Here’s a story from one of the newest Simple Truths books, One Choice. Often, a change in your life can be traced back to a single event. At that time, you made a choice that changed your life.
That’s what One Choice is all about…those watershed moments that make all the difference. Enjoy this excerpt:
Whether you’re born rich or not, the power to be rich is within your control. You have to make the choice… and then follow through. That’s the advice of financial counselor David Bach. In his book, Start Late, Finish Rich: A no-fail plan for achieving financial freedom at any age, he relates the story of one of his clients who appeared on the Oprah show, sharing how she made the choice and successfully accumulated $1.6 million in a brokerage account…starting in her early fifties.
Her name is Lynn Haley, and Oprah explained that she came to my first “Smart Women Finish Rich” seminar when she was in her early fifties, put a plan in place, and took action. Now here she is a decade or so later, having retired a multi-millionaire.
Lynn is beaming with pride—as well she should. Although she got a late start, she didn’t let that stop her from taking action to catch up. She wasn’t poor when I met her, but she didn’t have a plan in place to really finish rich.
I told her as much during our first appointment. “Lynn,” I said, “with what you have now, you won’t starve during your retirement. You’ll be able to enjoy the ‘early bird special.’ But you won’t be traveling to Europe or taking any cruises. If you want to finish rich, you are going to need a new plan of action.”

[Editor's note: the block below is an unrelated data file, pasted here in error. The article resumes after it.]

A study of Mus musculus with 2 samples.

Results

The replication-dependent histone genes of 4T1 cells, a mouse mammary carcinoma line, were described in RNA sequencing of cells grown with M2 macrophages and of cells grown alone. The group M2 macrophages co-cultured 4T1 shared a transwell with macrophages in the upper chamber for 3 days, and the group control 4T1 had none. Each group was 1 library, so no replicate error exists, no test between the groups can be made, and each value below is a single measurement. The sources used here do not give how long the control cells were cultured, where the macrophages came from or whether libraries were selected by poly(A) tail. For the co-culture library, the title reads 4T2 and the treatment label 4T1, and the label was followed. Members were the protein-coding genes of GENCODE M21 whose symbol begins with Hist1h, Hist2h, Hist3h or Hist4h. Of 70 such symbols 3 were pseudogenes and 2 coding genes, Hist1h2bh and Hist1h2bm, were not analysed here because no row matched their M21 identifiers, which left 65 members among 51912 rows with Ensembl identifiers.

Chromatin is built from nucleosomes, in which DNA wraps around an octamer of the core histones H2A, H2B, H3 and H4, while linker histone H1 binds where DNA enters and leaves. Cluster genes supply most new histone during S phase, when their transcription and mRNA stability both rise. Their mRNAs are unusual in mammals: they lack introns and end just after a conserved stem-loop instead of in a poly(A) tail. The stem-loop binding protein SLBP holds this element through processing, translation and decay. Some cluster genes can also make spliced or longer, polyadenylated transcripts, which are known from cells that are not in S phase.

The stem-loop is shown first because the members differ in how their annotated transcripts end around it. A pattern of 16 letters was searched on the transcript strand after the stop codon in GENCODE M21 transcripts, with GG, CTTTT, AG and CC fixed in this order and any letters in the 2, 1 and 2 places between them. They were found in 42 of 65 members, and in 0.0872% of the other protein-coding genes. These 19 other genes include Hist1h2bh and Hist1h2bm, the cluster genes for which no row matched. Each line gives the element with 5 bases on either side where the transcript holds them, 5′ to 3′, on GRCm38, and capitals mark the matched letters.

I made it clear to her that this new plan wouldn’t involve anything particularly fancy or complicated. It would all be based on common sense. The thing was, she would have to apply what I taught her. Not just pay it lip service, but actually do it.
“The choice is ultimately yours,” I told her. “If you want to retire rich, we can work together to make it happen. I’ll guide you, but you’ll need to follow through. Otherwise, it won’t work.”
Lynn was up to the challenge. “Tell me what I need to do, David, and I’ll do it,” she said.
Fewer than 10 years later, Lynn took early retirement—rich enough to do what she wanted to do when she wanted to do it. And getting there wasn’t all that difficult. In fact, the hardest thing Lynn had to do was what she did that first day we met: deciding—and then really believing—that it wasn’t too late for her to be able to change her destiny.
Which life will you choose?
When you contrast the bad news (the paycheck-to-paycheck struggle that kills freedom) with the good news (the phenomenal wealth and opportunity that is all around us), you begin to realize that life is not fair.
The fact is, you don’t get in life what you wish for.
You get in life what you go for.
What have been your watershed moments? How can you make those hard choices? What advice do you have for others?